Mister Bee continues to produce chips

VIENNA – Despite setbacks, West Virginia’s lone potato chip company continues to churn out chips and expand its market share.

Randall Holden, president of the West Virginia Potato Chip Co. that manufactures Mister Bee, said Tuesday the company laid off six employees from its 36-person staff. Holden said sales and driver representatives in Charleston, Fairmont and Parkersburg were laid off along with two office workers and a Charleston supervisor.

After the holidays the winter months are slow periods for the business, Holden said.

“It is managing the business to where current sales are running,” he said.

The layoffs are temporary and sales routes will not be affected, Holden said.

“We have supervisors who will run the sales routes, so it will not affect the routes,” he said.

They are relying on information from longtime employees regarding sales trends, Holden, whose partners have run the business for less than a year, said. When the weather warms up, the company expects sales to rise, he said.

Sales were good through the holiday season, dropped after New Year’s, but spiked with the Super Bowl, Holden said. He said sales will flatten and likely remains so for the next four to six weeks.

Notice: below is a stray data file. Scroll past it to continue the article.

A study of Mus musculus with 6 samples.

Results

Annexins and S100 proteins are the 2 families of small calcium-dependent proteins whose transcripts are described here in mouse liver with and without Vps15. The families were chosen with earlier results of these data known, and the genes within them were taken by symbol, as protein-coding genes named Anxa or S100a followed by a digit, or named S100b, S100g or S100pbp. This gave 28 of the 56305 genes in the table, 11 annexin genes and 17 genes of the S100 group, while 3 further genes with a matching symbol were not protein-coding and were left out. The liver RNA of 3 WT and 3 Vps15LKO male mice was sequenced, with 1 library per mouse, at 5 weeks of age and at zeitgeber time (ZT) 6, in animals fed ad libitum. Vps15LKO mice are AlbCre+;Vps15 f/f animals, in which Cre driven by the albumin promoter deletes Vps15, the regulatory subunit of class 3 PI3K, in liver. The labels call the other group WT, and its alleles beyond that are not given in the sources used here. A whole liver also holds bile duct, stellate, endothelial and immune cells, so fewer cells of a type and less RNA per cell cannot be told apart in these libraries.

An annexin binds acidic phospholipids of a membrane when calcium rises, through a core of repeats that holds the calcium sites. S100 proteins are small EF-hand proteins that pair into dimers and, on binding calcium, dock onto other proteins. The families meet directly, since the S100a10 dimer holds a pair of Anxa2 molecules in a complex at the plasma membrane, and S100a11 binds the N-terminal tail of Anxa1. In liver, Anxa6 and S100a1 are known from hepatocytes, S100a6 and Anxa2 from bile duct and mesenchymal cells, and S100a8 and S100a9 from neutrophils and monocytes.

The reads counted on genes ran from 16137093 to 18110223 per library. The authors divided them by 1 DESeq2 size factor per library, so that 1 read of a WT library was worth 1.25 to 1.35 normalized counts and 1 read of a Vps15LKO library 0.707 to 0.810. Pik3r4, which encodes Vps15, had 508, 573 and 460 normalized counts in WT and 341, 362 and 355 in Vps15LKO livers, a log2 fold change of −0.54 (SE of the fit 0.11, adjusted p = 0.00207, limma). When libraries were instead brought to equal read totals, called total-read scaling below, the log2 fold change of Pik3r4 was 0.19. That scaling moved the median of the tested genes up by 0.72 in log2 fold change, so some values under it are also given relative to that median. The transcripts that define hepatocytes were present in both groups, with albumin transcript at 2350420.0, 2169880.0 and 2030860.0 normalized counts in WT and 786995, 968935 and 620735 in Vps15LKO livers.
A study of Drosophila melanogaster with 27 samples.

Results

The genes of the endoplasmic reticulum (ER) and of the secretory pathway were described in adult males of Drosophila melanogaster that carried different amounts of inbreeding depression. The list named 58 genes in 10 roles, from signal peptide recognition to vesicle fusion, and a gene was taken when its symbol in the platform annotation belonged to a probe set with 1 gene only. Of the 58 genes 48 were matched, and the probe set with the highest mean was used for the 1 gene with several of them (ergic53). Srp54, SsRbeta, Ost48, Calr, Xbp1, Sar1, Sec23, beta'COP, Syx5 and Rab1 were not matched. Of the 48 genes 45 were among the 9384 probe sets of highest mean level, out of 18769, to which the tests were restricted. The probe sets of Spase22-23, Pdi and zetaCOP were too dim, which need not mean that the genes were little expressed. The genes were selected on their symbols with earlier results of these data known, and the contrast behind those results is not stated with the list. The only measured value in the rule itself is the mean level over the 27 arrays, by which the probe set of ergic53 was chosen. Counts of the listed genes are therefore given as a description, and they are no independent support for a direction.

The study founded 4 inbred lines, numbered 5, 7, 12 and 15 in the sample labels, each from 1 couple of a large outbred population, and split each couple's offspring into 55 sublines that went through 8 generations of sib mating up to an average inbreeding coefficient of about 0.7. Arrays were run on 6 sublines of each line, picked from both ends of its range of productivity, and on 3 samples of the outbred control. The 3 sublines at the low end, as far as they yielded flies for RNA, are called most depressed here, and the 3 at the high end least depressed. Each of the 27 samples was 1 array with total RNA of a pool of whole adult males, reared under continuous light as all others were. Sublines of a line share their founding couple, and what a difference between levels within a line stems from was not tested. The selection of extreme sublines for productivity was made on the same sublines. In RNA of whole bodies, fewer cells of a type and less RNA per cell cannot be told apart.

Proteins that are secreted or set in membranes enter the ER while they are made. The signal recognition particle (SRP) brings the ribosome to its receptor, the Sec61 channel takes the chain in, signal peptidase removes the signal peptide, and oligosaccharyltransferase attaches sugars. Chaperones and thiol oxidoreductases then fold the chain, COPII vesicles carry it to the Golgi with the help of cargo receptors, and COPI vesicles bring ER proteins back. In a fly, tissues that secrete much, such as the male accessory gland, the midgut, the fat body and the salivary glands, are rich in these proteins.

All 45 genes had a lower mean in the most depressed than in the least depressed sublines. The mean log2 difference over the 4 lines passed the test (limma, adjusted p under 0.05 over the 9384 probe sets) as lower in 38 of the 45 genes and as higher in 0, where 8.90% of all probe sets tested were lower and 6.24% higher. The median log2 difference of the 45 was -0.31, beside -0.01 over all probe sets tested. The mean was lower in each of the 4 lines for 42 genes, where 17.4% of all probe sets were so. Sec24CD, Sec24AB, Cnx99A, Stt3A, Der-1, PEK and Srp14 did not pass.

Holden wants to focus on retaining the company’s remaining 30 jobs, build sales and maintain cash flow.

Mister Bee, established in 1951, shut down in 2011 and filed for bankruptcy protection. The company was purchased by Rick Barton and Holden, who are among the founders of Wincore, a Parkersburg-based window and door company. The two organized an LLC under the West Virginia Potato Chip Co. to continue production of Mister Bee products.

Last year, the company was approved for a pair of loans totaling nearly $385,000 from the West Virginia Economic Development Authority. The first, for more than $249,000, was to help finance the real estate of the property. The second, for $135,000, was to assist financing of equipment.

The loans received final approval Aug. 16, but they have not gone through, state officials said.

The state loans have not closed, but are near, Holden said. He cited issues surrounding the company’s name change and use of the Mister Bee name.

“It’s really close,” he said of the loans.

The company is focusing its efforts on promoting the state, Holden said.

“Hopefully, being the state’s potato chip of choice,” he said. “We are making end roads.”

The company is running commercials in Charleston, Beckley, Morgantown and Wheeling.

Holden said the chip’s largest customer base is Parkersburg, representing at least 75 percent of sales.